As has been the story of the Wake Forest football program in recent years, the Wake Forest Demon Deacons fell just short against in-state rival Duke 27-21 on Saturday at BB&T Field.
“I think today was almost our season in a nutshell,” said head coach Dave Clawson. “I think from the opening whistle at Elon to the final whistle in the Duke game, our kids played extremely hard and with great effort and never quit and had incredible physical effort and resiliency all year.”
Wake Forest outgained the Blue Devils in total offense, 450-431, and entered the second quarter locked 7-7 with Duke in what appeared to be an even matchup. Unfortunately for the Deacons, familiar demons doomed them in their season finale.
“In another game where we outgained our opponent… to lose like we did, it’s three turnovers to nothing and we gave up the two explosive plays for two touchdowns,” Clawson said. “We’re just not quite there.”
Wake Forest has had trouble forcing turnovers all season, and despite an improved offense under quarterbacks John Wolford and Kendall Hinton, their defensive struggles have prevented them from winning games.
Wake Forest entered the fourth quarter down 24-7, looking at another blowout loss at home. Under Wolford, however, they manufactured two touchdown drives in the last 15 minutes, in between a Duke field goal. This pushed the score to 27-21 with under two minutes to go.
Wake Forest attempted an onside kick after their second touchdown of the fourth quarter, but it was unsuccessful.
Though Wake Forest lost, a number of seniors had fantastic performances in their final game suiting up for the Deacons.
Linebacker Brandon Chubb had 11 tackles on the day, placing him at 10th all-time for tackles in Wake Forest history. Punter Alex Kinal became the first punter in NCAA history to reach 14,000 total punting yards with a total of 14,102, and added to his NCAA record number of punts, which stands at 337.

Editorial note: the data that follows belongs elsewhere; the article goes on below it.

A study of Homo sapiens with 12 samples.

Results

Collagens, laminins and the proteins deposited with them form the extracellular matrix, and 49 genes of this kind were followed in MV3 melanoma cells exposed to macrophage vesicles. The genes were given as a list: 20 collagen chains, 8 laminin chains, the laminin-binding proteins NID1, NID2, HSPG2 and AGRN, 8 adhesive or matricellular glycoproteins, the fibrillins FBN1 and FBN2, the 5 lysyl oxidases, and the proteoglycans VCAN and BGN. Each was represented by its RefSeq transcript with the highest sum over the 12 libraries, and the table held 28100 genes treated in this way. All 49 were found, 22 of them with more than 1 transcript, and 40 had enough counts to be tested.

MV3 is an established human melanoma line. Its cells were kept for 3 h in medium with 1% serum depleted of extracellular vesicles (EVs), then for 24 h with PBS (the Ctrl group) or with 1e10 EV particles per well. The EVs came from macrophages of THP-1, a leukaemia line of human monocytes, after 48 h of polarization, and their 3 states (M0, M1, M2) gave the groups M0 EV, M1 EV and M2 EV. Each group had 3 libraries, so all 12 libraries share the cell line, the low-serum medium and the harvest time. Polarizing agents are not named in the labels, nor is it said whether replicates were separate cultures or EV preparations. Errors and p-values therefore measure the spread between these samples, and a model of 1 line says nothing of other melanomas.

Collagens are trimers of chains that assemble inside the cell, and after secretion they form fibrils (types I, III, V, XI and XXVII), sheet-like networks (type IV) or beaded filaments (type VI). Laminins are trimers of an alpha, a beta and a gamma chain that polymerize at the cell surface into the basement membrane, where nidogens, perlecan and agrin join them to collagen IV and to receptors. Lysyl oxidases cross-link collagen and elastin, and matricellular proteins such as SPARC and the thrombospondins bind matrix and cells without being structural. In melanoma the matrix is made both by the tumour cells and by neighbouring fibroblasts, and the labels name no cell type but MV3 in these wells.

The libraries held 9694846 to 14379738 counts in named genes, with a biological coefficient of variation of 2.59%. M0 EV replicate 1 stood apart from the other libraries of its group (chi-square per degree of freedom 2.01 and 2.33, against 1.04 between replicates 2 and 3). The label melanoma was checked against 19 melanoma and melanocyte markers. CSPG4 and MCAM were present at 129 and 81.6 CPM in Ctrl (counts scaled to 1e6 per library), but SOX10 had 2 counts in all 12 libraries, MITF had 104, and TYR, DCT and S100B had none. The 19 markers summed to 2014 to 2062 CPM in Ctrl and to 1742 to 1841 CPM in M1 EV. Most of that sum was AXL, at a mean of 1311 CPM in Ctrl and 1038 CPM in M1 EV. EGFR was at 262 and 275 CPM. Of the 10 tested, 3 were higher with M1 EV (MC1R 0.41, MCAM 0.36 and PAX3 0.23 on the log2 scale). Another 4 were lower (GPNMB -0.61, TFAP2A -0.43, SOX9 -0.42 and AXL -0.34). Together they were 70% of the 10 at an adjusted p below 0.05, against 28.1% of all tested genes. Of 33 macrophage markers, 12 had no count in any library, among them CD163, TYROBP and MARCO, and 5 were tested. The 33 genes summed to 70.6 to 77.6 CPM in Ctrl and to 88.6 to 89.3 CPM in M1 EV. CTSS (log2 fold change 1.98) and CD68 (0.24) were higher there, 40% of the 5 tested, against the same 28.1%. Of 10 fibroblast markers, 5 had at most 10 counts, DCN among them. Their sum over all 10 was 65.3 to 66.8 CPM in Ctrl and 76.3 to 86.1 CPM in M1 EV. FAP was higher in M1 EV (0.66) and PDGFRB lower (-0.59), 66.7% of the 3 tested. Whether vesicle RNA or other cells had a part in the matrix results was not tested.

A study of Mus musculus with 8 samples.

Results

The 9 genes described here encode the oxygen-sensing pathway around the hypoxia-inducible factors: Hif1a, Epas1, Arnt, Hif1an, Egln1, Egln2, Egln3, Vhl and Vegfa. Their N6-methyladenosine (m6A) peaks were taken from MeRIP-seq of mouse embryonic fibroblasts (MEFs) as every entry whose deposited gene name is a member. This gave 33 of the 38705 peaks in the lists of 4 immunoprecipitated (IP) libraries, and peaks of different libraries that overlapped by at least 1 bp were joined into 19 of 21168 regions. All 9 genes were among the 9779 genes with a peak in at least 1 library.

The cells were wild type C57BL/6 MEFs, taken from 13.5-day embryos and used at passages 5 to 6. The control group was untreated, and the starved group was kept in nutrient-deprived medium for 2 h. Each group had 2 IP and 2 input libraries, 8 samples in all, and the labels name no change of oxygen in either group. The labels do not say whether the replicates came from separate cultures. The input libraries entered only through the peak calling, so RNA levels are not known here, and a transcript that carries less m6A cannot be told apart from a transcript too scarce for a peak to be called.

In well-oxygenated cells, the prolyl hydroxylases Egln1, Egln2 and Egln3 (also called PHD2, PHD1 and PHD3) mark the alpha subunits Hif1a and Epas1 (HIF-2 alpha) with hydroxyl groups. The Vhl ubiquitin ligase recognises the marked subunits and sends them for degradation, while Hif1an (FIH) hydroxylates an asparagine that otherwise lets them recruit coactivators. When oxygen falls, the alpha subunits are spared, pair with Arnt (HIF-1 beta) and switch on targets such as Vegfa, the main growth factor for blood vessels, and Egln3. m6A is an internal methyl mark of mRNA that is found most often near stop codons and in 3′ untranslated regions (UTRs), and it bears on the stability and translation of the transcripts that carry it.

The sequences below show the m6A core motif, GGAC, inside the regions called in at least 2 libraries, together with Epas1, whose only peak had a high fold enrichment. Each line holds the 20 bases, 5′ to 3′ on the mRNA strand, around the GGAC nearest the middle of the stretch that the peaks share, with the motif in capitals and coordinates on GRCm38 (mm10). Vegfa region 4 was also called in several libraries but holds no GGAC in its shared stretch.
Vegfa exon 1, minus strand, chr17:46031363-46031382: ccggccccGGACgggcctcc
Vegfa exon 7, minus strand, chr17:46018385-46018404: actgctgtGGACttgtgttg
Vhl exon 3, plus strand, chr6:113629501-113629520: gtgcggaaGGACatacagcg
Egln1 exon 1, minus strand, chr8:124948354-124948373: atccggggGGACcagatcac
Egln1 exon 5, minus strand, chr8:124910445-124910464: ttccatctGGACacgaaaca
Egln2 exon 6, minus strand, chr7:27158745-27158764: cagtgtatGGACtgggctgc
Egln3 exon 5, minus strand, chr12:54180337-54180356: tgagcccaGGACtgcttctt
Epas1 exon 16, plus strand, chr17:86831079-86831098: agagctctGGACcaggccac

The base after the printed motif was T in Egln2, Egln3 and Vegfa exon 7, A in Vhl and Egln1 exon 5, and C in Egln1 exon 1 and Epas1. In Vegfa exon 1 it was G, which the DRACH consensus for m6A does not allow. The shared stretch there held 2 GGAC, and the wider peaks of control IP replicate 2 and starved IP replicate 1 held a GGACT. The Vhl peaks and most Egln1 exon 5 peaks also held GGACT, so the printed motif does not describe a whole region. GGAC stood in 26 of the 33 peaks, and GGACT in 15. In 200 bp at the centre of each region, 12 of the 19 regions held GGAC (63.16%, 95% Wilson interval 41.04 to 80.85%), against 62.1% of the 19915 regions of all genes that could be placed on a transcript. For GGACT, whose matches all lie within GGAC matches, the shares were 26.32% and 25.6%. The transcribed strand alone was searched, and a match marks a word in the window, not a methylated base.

Next season will be the first in which Wake Forest will truly be expected to improve their record, and Coach Clawson could be on the hot seat if he can’t notch at least a .500 season
“We would love to be able to show a better record than this year because I think we are a much-improved football team,” said tight end Cam Serigne. “Internally we see the progress, but it is hard for us since losing leaves a bad taste in our mouths. It is just about trusting that process and knowing that we are a better football team.”
The problem with constant resiliency, however, is that it doesn’t guarantee wins. At this point in Clawson’s Wake Forest career, he owns a 6-18 record, good for a .250 winning percentage. While Wake Forest has statistically improved on offense this season, the identical 3-9 records of this season and last season haven’t showed the level of improvement that fans expected from Clawson and his staff.
Wake Forest has lost four games by one score or less, but a better record is a concrete way of showing progress, and Clawson will need to produce concrete results in the 2016-17 season to satisfy the Deacon faithful.
The good news is that this year’s freshman class set a record for freshman receptions with 131, breaking the previous record of 77 set by the 2014 class. That kind of performance will need to continue next year if the Deacons are looking to take the next step in terms of production on offense.
“We have guys that we are counting on who are getting older and more experienced,” Chubb said. “We’re going to see a more intuitive offense with more rhythm. Clawson said we went from a bad team to a competitive team this year, so you will see offense and defense feeding off of that momentum.”
That elusive offensive rhythm will be crucial next year, especially since the 2015 campaign did not produce a true No. 1 quarterback.
Both John Wolford and Kendall Hinton had a number of strong performances throughout the year, but neither established himself as truly more dangerous than the other when running the offense. Hinton wasn’t active against Duke, but if he had been, Clawson would have used the quarterbacks in tandem as he has been all season.
“Kendall, if you go back on the season, was probably our most explosive playmaker,” Clawson said. “To take arguably the best athlete in the game away never helps. Who’s to say how different it would be?”
The Demon Deacons will need to step up on both sides of the ball in 2016 if they want to reach a bowl game, especially with two All-ACC selections graduating in Brandon Chubb and Alex Kinal. Wake Forest will need to replace a substantial amount of talent to change the tide of the program.